Interview with designer Leila Rose Faddoul (LF), regarding views on design, and for the award-winning design The Kameleon Adaptable Clothing.

LF : The Kameleon was designed for travellers whilst on a global adventure myself! Discovered a real need for stylish adaptable clothing for travellers. The Kameleon began whilst picnicking in New Zealand. I desired to just sit as I wished and felt restricted by my dress. I had a Eureka moment and I thought ‘what if I added buttons to the hem’ I grabbed some buttons sewed them on and closed up my dress. I pulled it down to form trousers then I just couldn’t stop flipping it all sorts of ways.

DI: What has been your main focus in designing this work? Especially what did you want to achieve?
LF : I wanted to provide a solution. A real solution for traveller’s so they can have an item of clothing that can adapt to all of their needs. It was equally important that we did this in a sustainable way.

DI: What are your future plans for this award winning design?
LF : We would love to distribute the Kameleon to many more people. We are looking for shops, investors and distributors that would like to work with us.

DI: How long did it take you to design this particular concept?
LF : It was actually a long process, about one year.

DI: Why did you design this particular concept? Was this design commissioned or did you decide to pursuit an inspiration?
LF : It was definitely an inspiration! I had the idea to make the Kameleon, it was only then I learnt how to design, create patterns and sew a prototype.

DI: Is your design being produced or used by another company, or do you plan to sell or lease the production rights or do you intent to produce your work yourself?
LF : No we are not planning to sell the Kameleon design, we are however looking for investors in our company, and we are planning to scale and grow

DI: What made you design this particular type of work?
LF : I love travelling and I love clothing. Traveller’s need clothing that adapts to all their needs, and we are passionate about creating these products.

DI: Where there any other designs and/or designers that helped the influence the design of your work?
LF : I am inspired by African prints and designing in Madagascar I thought it would be beautiful to combine African prints in everyday clothing. In the future we hope to create our own prints inspired by different cultures and environments.

DI: Who is the target customer for his design?
LF : 18-35 year old travellers and urban people

DI: What sets this design apart from other similar or resembling concepts?
LF : It is one garment that can be worn in 52 outfits. The outfits vary meaning you can wear in such different situations formal dressy or casual.

DI: How did you come up with the name for this design? What does it mean?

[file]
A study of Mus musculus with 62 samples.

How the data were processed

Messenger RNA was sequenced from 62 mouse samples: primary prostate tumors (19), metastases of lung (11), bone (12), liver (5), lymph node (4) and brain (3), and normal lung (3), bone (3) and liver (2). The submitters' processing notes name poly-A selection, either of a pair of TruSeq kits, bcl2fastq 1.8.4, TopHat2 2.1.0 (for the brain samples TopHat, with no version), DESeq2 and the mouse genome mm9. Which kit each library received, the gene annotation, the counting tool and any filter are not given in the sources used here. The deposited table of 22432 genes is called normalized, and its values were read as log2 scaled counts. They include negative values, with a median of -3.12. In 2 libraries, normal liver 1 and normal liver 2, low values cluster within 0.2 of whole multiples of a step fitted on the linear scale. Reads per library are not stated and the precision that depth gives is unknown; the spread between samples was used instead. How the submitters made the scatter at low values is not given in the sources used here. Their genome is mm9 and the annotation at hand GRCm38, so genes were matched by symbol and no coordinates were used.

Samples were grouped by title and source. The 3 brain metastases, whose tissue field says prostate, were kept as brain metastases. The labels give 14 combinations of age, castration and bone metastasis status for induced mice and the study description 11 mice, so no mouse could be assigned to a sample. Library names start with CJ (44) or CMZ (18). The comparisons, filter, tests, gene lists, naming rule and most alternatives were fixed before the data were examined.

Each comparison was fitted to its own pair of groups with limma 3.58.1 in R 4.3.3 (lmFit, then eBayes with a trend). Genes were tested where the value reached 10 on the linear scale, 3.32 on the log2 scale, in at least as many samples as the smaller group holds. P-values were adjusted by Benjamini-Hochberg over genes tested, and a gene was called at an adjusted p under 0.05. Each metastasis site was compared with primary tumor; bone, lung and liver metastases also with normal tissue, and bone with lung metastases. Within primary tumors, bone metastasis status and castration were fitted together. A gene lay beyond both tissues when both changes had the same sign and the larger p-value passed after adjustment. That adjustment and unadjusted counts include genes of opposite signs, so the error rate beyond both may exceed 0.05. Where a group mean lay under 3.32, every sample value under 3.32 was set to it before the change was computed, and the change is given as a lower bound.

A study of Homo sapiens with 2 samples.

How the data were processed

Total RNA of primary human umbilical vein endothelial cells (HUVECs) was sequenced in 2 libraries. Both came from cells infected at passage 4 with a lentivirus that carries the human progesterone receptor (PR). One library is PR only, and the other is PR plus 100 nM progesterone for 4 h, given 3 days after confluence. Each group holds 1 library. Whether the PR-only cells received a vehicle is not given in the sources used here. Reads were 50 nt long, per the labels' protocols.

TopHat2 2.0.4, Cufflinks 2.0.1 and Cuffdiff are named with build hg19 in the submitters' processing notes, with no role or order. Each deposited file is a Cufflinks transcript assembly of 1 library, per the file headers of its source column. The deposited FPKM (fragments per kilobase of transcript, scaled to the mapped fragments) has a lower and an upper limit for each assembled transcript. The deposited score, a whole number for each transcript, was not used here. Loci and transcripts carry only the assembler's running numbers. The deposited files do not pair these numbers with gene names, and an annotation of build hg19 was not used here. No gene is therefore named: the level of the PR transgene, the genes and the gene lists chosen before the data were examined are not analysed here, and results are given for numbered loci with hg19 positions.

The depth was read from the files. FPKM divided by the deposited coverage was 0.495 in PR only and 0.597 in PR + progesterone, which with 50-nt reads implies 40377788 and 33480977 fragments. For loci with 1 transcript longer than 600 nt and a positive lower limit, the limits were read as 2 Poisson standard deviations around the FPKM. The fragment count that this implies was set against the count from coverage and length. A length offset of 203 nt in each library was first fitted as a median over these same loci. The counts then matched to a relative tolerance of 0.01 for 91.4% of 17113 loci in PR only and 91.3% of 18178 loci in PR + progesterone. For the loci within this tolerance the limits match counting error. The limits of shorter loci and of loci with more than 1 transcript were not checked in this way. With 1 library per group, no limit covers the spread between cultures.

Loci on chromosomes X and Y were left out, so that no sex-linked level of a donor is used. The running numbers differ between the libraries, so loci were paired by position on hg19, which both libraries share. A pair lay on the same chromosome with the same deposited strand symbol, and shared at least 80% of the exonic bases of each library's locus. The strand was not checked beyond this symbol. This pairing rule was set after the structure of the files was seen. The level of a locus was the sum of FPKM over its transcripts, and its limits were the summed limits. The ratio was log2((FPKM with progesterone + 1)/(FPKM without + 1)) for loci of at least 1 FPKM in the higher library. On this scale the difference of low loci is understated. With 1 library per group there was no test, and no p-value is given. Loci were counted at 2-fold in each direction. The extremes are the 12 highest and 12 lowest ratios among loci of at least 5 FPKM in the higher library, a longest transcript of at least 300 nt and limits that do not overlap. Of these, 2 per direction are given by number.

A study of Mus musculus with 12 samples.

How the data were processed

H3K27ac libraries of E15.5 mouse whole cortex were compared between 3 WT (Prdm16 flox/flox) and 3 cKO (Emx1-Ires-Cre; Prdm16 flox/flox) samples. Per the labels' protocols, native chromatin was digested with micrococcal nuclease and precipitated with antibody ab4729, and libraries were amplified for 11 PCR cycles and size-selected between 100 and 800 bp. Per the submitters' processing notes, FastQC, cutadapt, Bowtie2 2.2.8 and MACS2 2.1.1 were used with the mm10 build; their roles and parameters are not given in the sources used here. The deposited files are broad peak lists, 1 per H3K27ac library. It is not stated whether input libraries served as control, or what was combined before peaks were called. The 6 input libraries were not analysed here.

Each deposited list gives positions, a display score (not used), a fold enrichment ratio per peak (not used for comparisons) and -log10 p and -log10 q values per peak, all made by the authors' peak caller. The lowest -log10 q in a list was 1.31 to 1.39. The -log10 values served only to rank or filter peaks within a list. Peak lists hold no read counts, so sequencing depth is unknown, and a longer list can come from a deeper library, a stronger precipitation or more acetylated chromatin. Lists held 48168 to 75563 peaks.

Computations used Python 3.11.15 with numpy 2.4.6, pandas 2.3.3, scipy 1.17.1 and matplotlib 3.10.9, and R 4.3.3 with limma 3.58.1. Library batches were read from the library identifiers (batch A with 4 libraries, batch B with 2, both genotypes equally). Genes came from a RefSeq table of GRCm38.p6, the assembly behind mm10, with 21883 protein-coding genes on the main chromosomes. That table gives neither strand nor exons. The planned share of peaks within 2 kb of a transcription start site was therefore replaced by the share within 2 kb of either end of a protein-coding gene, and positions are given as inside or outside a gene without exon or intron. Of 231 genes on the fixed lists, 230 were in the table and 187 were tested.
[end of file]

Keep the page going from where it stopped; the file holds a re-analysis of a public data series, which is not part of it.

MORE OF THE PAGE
LF : The Kameleon was inspired by Chameleons, an amazing creature that can always change and adapt to its environment. This is what travellers desire to do adapt to where they are.

DI: Which design tools did you use when you were working on this project?
LF : To design the garment, simple hand drawn pattern techniques were used, multiple prototypes were made before coming to the final product. The 52 way guide was entirely hand drawn, scanned, then photoshopped and coloured it was a lengthy process completed by Pieter and Michella.

DI: What is the most unique aspect of your design?
LF : The adaptability

DI: Who did you collaborate with for this design? Did you work with people with technical / specialized skills?
LF : Pieter Baan a graphic and concept designer Michela Ramitomboson Illustrator

DI: What is the role of technology in this particular design?
LF : The fabric is made from 100% bamboo, this fabric is produced using specialised techniques in China. The buttons are made from a traditional material, cow horn however they are produced using specialised mould techniques and lazer engraving for our logo.

DI: Is your design influenced by data or analytical research in any way? What kind of research did you conduct for making this design?
LF : Qualitative market Research: Kameleon tested by travellers Objective: Does the Kameleon provide a solution for traveller’s clothing Methodology: 10 travellers wore and tested the Kameleon on their trip Data collection: Photos and product reviews made by participants Results: Prototype improved with feedback Impact: Kameleon designed and improved by real travellers, resulting in a perfectly adapted product.

DI: What are some of the challenges you faced during the design/realization of your concept?
LF : We are based most of the year in Madagascar. It is one go the poorest countries in the world. The biggest challenge has been import of raw materials and export of finished products due to complicated procedures. This process works most smoothly working in total partnership with the factories that are respecting local laws.

DI: How did you decide to submit your design to an international design competition?
LF : We found ourselves being a small fish in such a big ocean and we desired to make our product known. We thought entering the competition could be an amazing opportunity and we are so honored to be a winner.

DI: What did you learn or how did you improve yourself during the designing of this work?
LF : Wow, I have learnt huge amounts, this was the first product I designed so the learning has been exponential. The design really developed as time went by, we found 20 ways to wear the Kameleon and now there are 52. It hasn’t stopped there as we have had customers finding even more ways, and that is what it’s all about! People want to be creative, with our product everyday people can feel like a fashion designer!